Israeli Military Solution to Terrorist Missile Wars: It Works
In Culture War Replaces Missile War, Michael Totten makes a very keen observation: When it comes to Hizballah and Hamas terrorists raining down rockets on the civilians of Israeli towns and cities, the military solution works.
In early 2006, shortly before the outbreak of the Second Lebanon War, an Israeli intelligence officer predicted the future. "Missile war will replace terrorist war," he told me when I spoke with him at the Ministry of Defense.
He was right. Just a few months later, Hizballah launched thousands of Katyusha rockets into Northern Israel and forced hundreds of thousands of civilians to flee south toward Tel Aviv and Jerusalem. South Lebanon was punished much more thoroughly than Northern Israel, but the Palestinians in Gaza nevertheless took Hizballah's Baghdad Bob-style boasts of "divine victory" seriously. Hamas ramped up its own rocket war until fed-up Israelis gave Gaza the South Lebanon treatment this past December and January.
Hamas is a bit slower to learn than was Hizballah, but seven long months after the conclusion of Operation Cast Lead, the rockets out of Gaza have finally stopped. Israelis will no longer put up with indiscriminate attacks on their houses and schools. Many Palestinians in Gaza have likewise had their fill of Hamas's self-destructive campaign of "resistance."The New York Times reports that Hamas has decided to wage a "culture war" instead of a rocket war because, as one leader put it, "the fighters needed a break and the people needed a break."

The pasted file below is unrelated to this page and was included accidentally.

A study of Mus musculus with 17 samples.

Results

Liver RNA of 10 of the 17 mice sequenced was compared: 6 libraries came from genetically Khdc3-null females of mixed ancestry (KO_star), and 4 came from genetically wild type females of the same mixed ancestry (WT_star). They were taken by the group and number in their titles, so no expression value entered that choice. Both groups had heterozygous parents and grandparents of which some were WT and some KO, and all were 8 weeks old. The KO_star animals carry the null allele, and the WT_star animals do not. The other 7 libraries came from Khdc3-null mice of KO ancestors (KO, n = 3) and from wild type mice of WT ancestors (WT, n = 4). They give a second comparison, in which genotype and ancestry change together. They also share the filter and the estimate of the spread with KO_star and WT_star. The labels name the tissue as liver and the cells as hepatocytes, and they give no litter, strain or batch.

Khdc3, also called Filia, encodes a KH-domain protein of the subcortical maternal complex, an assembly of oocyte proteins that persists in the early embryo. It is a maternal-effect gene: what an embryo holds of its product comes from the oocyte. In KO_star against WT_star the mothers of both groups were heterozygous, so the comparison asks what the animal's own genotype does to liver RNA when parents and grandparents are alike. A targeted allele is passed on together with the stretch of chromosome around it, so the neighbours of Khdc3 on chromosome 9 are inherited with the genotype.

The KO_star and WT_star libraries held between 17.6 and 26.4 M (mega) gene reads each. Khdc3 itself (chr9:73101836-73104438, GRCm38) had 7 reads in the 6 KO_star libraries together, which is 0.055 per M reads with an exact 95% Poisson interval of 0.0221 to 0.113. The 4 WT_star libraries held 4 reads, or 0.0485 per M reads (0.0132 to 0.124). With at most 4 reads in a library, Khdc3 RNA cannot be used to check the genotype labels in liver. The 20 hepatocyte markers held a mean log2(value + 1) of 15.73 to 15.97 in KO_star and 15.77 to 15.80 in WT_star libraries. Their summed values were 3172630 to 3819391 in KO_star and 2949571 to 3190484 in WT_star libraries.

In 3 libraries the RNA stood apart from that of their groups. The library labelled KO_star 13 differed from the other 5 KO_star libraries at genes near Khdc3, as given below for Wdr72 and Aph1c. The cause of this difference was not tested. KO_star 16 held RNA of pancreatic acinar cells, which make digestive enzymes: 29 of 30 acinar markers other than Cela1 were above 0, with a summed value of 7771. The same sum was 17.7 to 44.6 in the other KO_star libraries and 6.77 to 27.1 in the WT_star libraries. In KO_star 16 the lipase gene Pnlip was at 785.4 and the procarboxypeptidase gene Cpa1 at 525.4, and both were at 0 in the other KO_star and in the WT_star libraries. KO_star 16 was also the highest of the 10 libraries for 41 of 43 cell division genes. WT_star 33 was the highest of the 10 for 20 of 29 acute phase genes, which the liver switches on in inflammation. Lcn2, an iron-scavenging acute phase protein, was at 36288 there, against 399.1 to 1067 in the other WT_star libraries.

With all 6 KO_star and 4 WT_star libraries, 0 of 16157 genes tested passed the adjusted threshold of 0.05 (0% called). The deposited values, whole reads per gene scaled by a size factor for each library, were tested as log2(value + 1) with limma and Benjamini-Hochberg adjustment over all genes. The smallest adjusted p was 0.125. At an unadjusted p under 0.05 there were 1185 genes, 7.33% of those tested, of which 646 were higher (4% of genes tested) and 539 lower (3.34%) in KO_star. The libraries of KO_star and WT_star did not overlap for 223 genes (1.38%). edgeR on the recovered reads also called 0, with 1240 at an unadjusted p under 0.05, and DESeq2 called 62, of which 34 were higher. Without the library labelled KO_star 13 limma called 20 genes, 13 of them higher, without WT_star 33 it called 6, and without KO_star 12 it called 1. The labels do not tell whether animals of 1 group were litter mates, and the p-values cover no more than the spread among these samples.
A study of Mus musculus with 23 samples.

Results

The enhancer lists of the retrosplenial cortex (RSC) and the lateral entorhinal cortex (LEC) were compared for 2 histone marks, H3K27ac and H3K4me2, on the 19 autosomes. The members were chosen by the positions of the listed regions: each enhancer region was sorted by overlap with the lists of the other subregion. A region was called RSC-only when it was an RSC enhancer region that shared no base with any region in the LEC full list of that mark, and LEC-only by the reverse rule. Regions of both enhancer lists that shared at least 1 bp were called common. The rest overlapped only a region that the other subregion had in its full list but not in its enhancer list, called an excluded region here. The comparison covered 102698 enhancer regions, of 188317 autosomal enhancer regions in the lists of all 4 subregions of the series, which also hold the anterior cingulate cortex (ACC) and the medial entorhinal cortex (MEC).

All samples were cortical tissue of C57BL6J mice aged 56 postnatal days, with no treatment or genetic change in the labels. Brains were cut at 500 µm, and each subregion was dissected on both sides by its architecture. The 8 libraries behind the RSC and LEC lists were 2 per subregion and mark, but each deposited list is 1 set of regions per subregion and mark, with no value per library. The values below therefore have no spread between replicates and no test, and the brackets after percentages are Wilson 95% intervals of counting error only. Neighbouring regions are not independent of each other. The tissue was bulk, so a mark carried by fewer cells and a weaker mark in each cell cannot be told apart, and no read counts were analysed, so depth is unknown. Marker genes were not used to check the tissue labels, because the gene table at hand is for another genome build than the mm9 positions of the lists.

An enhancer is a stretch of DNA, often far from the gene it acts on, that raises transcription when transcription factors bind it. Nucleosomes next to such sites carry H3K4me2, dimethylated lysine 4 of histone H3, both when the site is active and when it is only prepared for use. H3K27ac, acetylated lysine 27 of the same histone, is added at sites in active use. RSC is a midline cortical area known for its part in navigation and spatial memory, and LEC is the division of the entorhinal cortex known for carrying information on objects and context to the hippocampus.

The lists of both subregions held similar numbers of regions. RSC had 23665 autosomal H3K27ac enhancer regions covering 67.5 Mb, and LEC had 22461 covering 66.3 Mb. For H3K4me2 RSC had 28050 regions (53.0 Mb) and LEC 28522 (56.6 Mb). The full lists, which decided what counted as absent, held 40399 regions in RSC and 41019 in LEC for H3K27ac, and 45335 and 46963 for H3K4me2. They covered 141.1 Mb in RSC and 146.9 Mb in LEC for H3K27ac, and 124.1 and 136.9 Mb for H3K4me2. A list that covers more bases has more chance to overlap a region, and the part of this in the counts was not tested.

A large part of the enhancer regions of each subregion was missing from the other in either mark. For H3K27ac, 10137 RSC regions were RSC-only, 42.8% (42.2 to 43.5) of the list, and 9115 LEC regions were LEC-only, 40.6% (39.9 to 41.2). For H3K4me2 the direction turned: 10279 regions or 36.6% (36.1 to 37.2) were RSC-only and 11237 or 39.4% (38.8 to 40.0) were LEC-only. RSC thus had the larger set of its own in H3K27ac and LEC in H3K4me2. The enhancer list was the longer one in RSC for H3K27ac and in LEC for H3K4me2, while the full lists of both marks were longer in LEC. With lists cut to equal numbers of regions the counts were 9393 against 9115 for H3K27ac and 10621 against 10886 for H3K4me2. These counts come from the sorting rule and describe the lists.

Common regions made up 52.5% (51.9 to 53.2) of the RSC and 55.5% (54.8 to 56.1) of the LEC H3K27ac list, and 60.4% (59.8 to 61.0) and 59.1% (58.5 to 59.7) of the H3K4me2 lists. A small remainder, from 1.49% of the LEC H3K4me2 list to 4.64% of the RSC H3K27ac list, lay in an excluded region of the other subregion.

To that salient observation, I would add that the military solution to the missile wars works regardless of media-driven world opinion in opposition to Israeli military self-defense. Pain and fear combine as a powerful deterrent, as the quoted Hamas leader told the New York Times above.
Sometimes aggression can be blunted to some degree by non-physical forces in reaction, such as sanctions, isolation and various diplomatic consequences. But such reactions are effective against nation-states. They have little effect on a terrorist organization, even one that has embedded itself under the cloak of political rule and a certain degree of electoral legitimacy - as both Hizballah and Hamas have done.
No, terrorist organizations understand best the language of war, force and violence. It is the language they speak - witnessed by the terrorist actions of both Hizballah and Hamas - and it is the language the most ably hear. And Israel has proven that, at least in the missile war the terrorists around them have transitioned to, the military solution works. Witness the rarity of attacks.
This is not to say that every threat lends itself nearly exclusively to a military solution (see: Afghanistan), but in this instance it is unmistakably effective.
You may have missed the latest from Michael Totten earlier this week, and if so I strongly encourage you to catch up now. Michael is a gifted writer and storyteller, making his paragraphs and pages on otherwise technical terrorism and conflict issues readily accessible to all. Read on as he describes the culture war being waged while Hamas and Hizballah terrorists get their feet back under them. Michael is excellent, as always.